FINMA, Switzerland’s Financial Market Supervisory Authority, has shut down a cryptocurrency racket as part of its latest efforts to tackle digital currency fraud. Per its latest edict, FINMA’s victim was a fake cryptocurrency provider. It is at the same time pursuing as many as twelve other cases amidst an uptick of fraud in the country.
The action came less than a week after China unveiled its own harsh measures. In addition to a blanket ban on ICOs, China-based cryptocurrency exchanges must stop trading and notify users of their closure by month’s end.
According to a Reuters report, QUID PRO QUO Association had been operating in Switzerland for over a year, and managed to accrue funds of over CHF 4.0 million ($4.2 million). FINMA uncovered a scheme in which the group had been providing e-coins to several hundred users, operating as a blatant scam.
altFINS Launches New Cloud-Based Cryptocurrency Analysis PlatformGo to article >>
Unlike other forms of investment, cryptocurrencies in many jurisdictions operate outside the regulation. Those times are quickly coming to an end with regulators clamping down on these operations in an attempt to rein in on an industry that has been growing largely unimpeded.
With countries such as China leading the way, other domestic regulators have also strengthened their own resolve, helping police what has largely been a free-for-all. Indeed, cryptocurrencies possess a litany of risks in terms of fraud, with no shortage of companies looking to peddle these instruments to a vulnerable investment base.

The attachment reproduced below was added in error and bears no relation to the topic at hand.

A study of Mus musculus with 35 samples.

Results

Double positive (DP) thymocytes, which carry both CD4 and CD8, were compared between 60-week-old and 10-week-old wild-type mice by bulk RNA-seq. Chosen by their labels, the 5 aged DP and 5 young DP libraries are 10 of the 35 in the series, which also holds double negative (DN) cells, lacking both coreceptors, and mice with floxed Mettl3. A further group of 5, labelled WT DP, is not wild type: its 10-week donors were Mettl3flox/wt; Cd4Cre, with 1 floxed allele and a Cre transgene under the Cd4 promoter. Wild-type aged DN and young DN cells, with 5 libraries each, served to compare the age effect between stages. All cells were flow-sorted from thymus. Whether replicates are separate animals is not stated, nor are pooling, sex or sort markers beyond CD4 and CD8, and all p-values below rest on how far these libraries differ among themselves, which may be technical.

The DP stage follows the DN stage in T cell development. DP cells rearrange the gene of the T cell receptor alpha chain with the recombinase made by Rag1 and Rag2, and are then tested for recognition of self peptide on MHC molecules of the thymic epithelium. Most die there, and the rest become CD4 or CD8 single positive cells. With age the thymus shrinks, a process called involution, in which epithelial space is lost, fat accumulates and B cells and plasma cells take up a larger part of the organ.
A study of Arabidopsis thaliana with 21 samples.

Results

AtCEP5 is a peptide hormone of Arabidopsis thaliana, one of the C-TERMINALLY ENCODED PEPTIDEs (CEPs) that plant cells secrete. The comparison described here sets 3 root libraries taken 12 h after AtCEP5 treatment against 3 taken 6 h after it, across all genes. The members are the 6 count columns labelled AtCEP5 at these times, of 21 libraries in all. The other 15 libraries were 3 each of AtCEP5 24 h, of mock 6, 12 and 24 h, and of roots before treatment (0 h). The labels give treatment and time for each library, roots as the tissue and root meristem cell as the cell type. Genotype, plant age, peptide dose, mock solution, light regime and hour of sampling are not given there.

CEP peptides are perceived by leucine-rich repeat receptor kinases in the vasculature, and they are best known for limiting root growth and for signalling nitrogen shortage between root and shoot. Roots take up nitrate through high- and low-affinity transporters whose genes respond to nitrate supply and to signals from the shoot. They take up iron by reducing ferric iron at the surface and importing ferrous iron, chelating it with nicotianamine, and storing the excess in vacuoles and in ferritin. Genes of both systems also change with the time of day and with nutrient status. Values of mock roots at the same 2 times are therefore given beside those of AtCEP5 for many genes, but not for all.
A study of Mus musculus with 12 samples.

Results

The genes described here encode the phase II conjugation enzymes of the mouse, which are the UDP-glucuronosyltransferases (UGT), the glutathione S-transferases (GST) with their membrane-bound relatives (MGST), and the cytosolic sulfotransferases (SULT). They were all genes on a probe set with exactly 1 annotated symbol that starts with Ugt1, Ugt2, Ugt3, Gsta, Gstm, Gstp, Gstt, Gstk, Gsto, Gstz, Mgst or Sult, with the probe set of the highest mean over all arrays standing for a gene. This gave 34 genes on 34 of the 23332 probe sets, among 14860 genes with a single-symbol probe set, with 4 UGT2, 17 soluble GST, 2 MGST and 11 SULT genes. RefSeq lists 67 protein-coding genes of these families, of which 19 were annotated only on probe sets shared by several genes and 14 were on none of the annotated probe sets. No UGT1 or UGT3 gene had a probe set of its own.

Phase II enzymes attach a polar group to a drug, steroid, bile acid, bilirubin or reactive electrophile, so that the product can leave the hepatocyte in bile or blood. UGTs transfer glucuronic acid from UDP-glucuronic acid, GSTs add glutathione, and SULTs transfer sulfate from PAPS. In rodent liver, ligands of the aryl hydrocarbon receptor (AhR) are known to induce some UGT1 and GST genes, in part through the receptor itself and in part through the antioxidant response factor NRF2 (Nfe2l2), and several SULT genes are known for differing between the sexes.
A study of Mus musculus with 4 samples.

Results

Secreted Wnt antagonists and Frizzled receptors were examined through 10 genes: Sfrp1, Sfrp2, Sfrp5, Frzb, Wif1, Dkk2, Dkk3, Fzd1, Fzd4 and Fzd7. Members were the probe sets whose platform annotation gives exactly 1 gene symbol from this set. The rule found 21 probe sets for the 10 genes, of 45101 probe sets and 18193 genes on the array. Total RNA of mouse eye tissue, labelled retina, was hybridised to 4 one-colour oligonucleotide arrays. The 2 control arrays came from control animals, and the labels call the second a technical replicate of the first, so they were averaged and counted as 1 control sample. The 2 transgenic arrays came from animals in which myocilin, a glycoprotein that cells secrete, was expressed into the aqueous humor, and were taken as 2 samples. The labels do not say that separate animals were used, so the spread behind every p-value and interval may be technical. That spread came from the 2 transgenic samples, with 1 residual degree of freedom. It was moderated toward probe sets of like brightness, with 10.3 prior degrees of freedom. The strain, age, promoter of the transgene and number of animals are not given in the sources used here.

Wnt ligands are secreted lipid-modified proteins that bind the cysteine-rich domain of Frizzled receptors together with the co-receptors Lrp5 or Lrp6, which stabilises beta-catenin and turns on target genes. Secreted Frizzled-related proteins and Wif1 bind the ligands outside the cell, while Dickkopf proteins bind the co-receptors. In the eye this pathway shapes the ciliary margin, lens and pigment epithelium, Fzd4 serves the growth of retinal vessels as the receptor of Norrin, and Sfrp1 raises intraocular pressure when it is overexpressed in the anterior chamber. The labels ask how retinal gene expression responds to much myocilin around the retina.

According to a FINMA statement regarding the action: “This activity is similar to the deposit-taking business of a bank and is illegal unless the company in question holds the relevant financial market license.”
FINMA noted the distinction between e-coins and real cryptocurrencies, given that the former is not stored on distributed networks using blockchain technology. Rather, the fraudulent e-coin was housed locally on QUID PRO QUO’s servers.
More work to be done?
FINMA is currently eying as many as three other companies on its warning list, part of a string of investigations that it is conducting. With companies flocking to this avenue in a bid to circumvent traditional regulations and rules, FINMA’s actions today could simply represent the beginning of a domestic crackdown in Switzerland.